Jourdan Ma | January 29th, 2021

China's internet population now stands at 989 million. And, if you are a B2B marketer looking to launch or grow your business in the country, be it in finance, healthcare or technology, you have to go online too, or risk missing out. In China, this usually means building a presence on WeChat, Weibo and Baidu.

It is well-known that China’s policy to keep out foreign social media platforms such as Facebook, Instagram, Twitter and YouTube, has helped the growth of these homegrown social networking tools, which have since become household names in the country.

While most people will have heard of these channels using them effectively as a marketing tool is a different question altogether. So here we explain to our readers their unique characteristics and explain the contexts in which they work well.

Chinese social media


This application has come a long way since starting out as a chatting app ten years ago. Its various functions make it an essential tool for marketers in China, especially given that it boasts an average daily active user base of one billion, including among businesses. And its versatility means it can be (and usually is) also used as a branding and CRM tool, a replacement for email and even as a recruitment platform.

You can choose from three types of official accounts: Service Account, Subscription Account and WeChat Work. The first two types are designed to bolster customer service capabilities, while WeChat Work, which is similar to Slack, is an internal communication tool. (Check out N/N’s blog on video conferencing tools for more on this topic.)


Here are some ways you can maximise the effectiveness of your WeChat profile.

Display WeChat QR codes prominently: Make your WeChat QR codes as noticeable as possible by placing them on your website, email newsletters, marketing flyers, and even business cards. This will direct customers to your official account and increase traffic.

Message settings: Set up the system so users can instantly receive acknowledgments and updates once they follow your account, or when they send you a message. Updates will depend on the account type.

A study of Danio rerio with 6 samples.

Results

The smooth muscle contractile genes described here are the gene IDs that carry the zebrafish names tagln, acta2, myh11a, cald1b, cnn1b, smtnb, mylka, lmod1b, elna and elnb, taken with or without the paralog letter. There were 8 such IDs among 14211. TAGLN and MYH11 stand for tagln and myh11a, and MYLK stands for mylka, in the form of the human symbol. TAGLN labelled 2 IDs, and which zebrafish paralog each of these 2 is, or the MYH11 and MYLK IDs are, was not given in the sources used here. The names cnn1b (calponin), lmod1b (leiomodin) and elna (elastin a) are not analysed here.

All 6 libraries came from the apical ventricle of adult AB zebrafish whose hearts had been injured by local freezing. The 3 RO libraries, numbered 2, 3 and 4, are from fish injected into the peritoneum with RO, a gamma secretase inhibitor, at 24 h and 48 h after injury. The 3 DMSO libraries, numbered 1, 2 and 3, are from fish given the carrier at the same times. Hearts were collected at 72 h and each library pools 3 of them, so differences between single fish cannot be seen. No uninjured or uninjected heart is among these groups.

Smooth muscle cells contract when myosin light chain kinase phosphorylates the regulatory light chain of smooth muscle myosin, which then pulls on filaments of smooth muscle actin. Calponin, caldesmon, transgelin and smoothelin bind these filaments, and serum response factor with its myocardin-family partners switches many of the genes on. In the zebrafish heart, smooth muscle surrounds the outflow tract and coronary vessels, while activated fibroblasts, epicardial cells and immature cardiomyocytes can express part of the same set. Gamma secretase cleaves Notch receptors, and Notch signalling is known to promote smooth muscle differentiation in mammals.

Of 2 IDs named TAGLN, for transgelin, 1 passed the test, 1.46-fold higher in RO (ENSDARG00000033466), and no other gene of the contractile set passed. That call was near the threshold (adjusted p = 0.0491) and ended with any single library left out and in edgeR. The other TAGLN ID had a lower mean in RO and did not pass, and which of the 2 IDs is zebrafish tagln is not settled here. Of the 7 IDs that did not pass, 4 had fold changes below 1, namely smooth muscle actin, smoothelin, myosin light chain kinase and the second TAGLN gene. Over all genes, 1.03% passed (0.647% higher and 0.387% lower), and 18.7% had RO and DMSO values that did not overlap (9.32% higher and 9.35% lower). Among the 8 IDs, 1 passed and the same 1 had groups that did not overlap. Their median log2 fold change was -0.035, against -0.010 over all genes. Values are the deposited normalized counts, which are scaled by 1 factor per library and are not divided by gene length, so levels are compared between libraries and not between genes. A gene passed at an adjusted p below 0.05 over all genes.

Post appealing content: The average user spends 77 minutes every day on WeChat. Make sure that your content is engaging and informative and makes the most of this screen time by regularly promoting your content in short, social media-friendly posts.

Here is an example of how Chinese healthcare platform Shuidi Huzhu, a healthcare crowdfunding platform, uses its Service Account:

  • Featured content of varying lengths and formats, ranging from news snippets to case studies, to serve a range of preferences
  • E-commerce interface (just like B2C brands) providing full descriptions of its insurance products
  • CRM feature that allows clients to talk to customer service representatives


The microblogging service is known for its focus on trending topics, celebrity news and brand promotions. Nearly every industry in China, including financial services, healthcare, construction, manufacturing, food and beverage, luxury goods – uses it to engage their customers.

In order to do that, it’s crucial to establish the legitimacy of your business on the platform by acquiring the verification badge – much like Twitter’s check mark. Orange is for individuals while blue is reserved for companies.

Here are two examples: American software company Citrix’s Weibo page, which currently has more than 1.4 million followers and Philips Healthcare’s Weibo page with more than 1.7 million followers. Both feature a wide array of content, including articles, photos, videos, graphics and memes in relation to its services, to appeal to decision makers. It also advertises special offers and hosts webinars to keep followers engaged on the platform.

You can find more information about account verification here.

What’s the difference

Choosing between WeChat and Weibo is a difficult decision. They differ from each other mostly in terms of privacy settings and distribution formats. But, on balance, Weibo may be a better option to gain exposure for brands that are just starting out in China.

WeChat and Weibo


In China where Google’s reach is limited, Baidu is widely considered the go-to search engine. Baidu Tuiguang, the giant’s Pay-per-click (PPC) platform, much like Google Ads, puts ads alongside its search results and is a good bet for B2B marketers to attract attention and generate leads.

Baidu social graphics

To ensure that your efforts are paying off, you should keep refining your content strategy with the help of tools like Baidu Keyword Planner and Baidu Analytics. Baidu’s Keyword Planner is similar to Google Ads Keyword Planner, in analysing search traffic trends. Baidu Analytics, also known as Baidu Tongji, keeps track of online statistics, including the number of visitors to your website, their activities and duration of visit, and provides tips on search engine optimisation (SEO).

Hearts and minds

As competition for the Chinese consumer’s attention continues to heat up, those who want a piece of market share in the world’s second-largest economy should begin thinking about the tools that can help them build and solidify their brand identity in China. And, these three tools are good places to start.

For more on China’s social media landscape read: Managing B2B content on China’s social media platforms.